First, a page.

I’ve written here before about the problems with illegal marketing of dangerous prescription drugs. Prescription drug makers eager to rake in profits have been caught promoting their drugs for off-label uses, which is against the law, and even paying illegal kickbacks to pharmacists or doctors. Both allegations were made against drug manufacturer Johnson & Johnson, which allegedly promoted three drugs illegally. These include Risperdal, an antipsychotic widely prescribed off-label for use in dementia patients; Invega, another antipsychotic; and heart drug Natrecor. The federal government was pursing criminal and civil investigations into the illegal marketing, but announced this month that it would instead settle with Johnson & Johnson for $2.2 billion. The money settles claims that the company defrauded government health programs for huge amounts of money and put many patients’ lives at risk.
The off-label marketing allegations concern Risperdal and Natrecor, but the Risperdal allegations are particularly well known because the alleged illegal marketing was very widespread. From 1999 to 2005, Reuters reported, Johsnon & Johnson subsidiary Janssen promoted Risperdal for controlling aggression and anxiety in elderly dementia patients, children and the disabled. This was an off-label use that nursing home patient advocates call a form of “chemical restraint” that leaves the patient unable to function. Perhaps even more disturbingly, studies showed that Risperdal was associated with an increased risk of heart attacks and strokes in the elderly. That meant that the unnecessary Risperdal could actually have caused premature deaths. It also cost hundreds of millions of dollars to the federal government, through its medical coverage programs. Some families are now pursuing pharmaceutical liability claims related to Risperdal.
The same settlement covered allegations that Johnson & Johnson paid millions in kickbacks to Omnicare, Inc., a large pharmacy company that specializes in distributing drugs to nursing homes. Under names like “educational funding,” the government said, Johnson & Johnson actually paid Omnicare to encourage nursing home patients to buy Johnson & Johnson drugs. The kickbacks themselves were illegal, of course, and the promotion of the drugs put patients at risk of dangerous side effects even though they didn’t truly need the drugs. The FDA had repeatedly warned Johnson & Johnson about the misleading marketing before the Justice Department filed its complaint. Johnson & Johnson said the settlement is not an admission that it did anything wrong, and that it expressly denies the civil allegations.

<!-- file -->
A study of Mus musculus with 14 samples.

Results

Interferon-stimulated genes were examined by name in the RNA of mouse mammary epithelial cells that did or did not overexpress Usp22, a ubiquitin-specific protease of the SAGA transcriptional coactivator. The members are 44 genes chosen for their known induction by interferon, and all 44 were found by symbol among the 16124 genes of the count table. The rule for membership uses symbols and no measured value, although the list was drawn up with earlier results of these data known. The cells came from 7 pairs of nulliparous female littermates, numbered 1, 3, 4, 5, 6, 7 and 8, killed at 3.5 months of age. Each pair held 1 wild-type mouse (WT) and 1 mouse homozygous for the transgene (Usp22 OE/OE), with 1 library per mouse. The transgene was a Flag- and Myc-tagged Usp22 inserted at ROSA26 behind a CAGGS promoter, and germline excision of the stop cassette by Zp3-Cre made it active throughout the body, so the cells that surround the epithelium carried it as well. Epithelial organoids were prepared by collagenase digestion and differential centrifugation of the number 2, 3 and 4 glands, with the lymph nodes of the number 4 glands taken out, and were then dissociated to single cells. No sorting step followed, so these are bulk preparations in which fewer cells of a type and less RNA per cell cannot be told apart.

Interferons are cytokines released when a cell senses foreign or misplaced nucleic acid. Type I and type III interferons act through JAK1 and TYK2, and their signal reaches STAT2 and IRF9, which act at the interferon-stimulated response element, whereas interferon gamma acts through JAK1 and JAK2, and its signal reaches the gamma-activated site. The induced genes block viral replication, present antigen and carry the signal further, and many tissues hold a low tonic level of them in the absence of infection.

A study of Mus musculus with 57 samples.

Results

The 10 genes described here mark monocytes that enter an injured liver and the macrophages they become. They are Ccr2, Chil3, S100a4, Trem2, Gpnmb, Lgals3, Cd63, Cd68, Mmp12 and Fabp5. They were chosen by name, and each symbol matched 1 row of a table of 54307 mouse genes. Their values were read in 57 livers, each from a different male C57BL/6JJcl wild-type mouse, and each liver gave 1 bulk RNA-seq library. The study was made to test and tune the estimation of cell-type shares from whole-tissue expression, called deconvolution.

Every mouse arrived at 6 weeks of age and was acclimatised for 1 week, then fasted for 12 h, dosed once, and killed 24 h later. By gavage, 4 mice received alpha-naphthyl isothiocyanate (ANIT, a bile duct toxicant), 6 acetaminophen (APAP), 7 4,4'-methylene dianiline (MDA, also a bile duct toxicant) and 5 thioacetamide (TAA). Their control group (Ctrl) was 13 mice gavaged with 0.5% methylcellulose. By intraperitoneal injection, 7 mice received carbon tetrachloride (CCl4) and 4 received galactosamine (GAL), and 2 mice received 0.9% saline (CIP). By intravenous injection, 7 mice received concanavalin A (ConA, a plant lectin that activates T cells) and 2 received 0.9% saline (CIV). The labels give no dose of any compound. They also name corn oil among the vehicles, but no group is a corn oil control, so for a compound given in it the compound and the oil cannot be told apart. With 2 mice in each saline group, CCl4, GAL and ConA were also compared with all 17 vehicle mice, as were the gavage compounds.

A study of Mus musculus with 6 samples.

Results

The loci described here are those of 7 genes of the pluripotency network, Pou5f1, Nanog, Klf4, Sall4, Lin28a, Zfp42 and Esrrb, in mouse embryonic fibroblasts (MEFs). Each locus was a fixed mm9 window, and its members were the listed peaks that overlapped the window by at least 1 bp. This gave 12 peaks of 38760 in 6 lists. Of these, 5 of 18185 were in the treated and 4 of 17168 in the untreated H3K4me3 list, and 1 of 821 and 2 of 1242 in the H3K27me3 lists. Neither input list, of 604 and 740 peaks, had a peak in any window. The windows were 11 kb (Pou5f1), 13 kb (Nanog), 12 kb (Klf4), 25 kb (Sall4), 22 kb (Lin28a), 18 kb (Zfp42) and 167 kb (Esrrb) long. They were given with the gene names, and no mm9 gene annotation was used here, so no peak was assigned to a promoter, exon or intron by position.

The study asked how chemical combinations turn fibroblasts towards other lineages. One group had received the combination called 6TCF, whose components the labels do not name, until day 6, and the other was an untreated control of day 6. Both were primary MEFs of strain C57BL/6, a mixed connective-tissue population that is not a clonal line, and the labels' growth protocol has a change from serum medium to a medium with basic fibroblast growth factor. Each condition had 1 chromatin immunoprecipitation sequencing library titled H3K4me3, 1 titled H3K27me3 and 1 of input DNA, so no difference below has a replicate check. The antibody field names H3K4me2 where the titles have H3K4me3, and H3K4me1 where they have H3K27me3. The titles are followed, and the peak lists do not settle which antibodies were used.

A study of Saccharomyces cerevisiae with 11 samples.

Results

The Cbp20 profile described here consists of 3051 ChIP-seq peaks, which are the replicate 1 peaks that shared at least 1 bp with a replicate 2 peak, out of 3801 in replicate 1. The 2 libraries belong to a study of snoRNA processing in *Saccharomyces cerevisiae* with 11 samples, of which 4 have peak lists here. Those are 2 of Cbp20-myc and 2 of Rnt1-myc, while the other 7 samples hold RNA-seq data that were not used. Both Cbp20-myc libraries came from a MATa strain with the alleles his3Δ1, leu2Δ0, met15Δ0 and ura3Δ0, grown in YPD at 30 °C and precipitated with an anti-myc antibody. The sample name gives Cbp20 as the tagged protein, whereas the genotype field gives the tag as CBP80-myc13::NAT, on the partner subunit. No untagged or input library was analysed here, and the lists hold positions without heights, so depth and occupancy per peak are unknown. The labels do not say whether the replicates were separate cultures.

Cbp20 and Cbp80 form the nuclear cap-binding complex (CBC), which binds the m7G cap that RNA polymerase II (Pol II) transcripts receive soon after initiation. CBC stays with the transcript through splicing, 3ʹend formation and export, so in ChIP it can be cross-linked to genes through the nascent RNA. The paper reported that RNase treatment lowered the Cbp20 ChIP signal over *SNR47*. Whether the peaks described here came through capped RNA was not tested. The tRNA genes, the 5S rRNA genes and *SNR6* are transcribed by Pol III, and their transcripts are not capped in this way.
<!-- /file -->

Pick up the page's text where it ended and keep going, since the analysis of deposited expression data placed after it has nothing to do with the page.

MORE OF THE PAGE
The article goes on to discuss other very large settlements paid by drug makers for off-label or otherwise misleading marketing. Though $2.2 billion is indeed a lot of money, I wonder whether it actually serves the purpose of discouraging drug makers from engaging in misleading marketing practices. The article notes that Johnson & Johnson saw very little penalty in the stock market, and other companies that have had to pay these settlements do not appear to be hurting. Meanwhile, thousands of families could have lost loved ones or suffered serious health problems from unnecessary Risperdal. To be made whole, those families should consider whether it makes sense to pursue their own defective drug lawsuits.
If your family has suffered a serious injury or a loss because of a drug you thought you could trust, you should contact Carey, Danis & Lowe to discuss a lawsuit. For a free, confidential consultation, call us today at 1-877-678-3400 or send us a message online.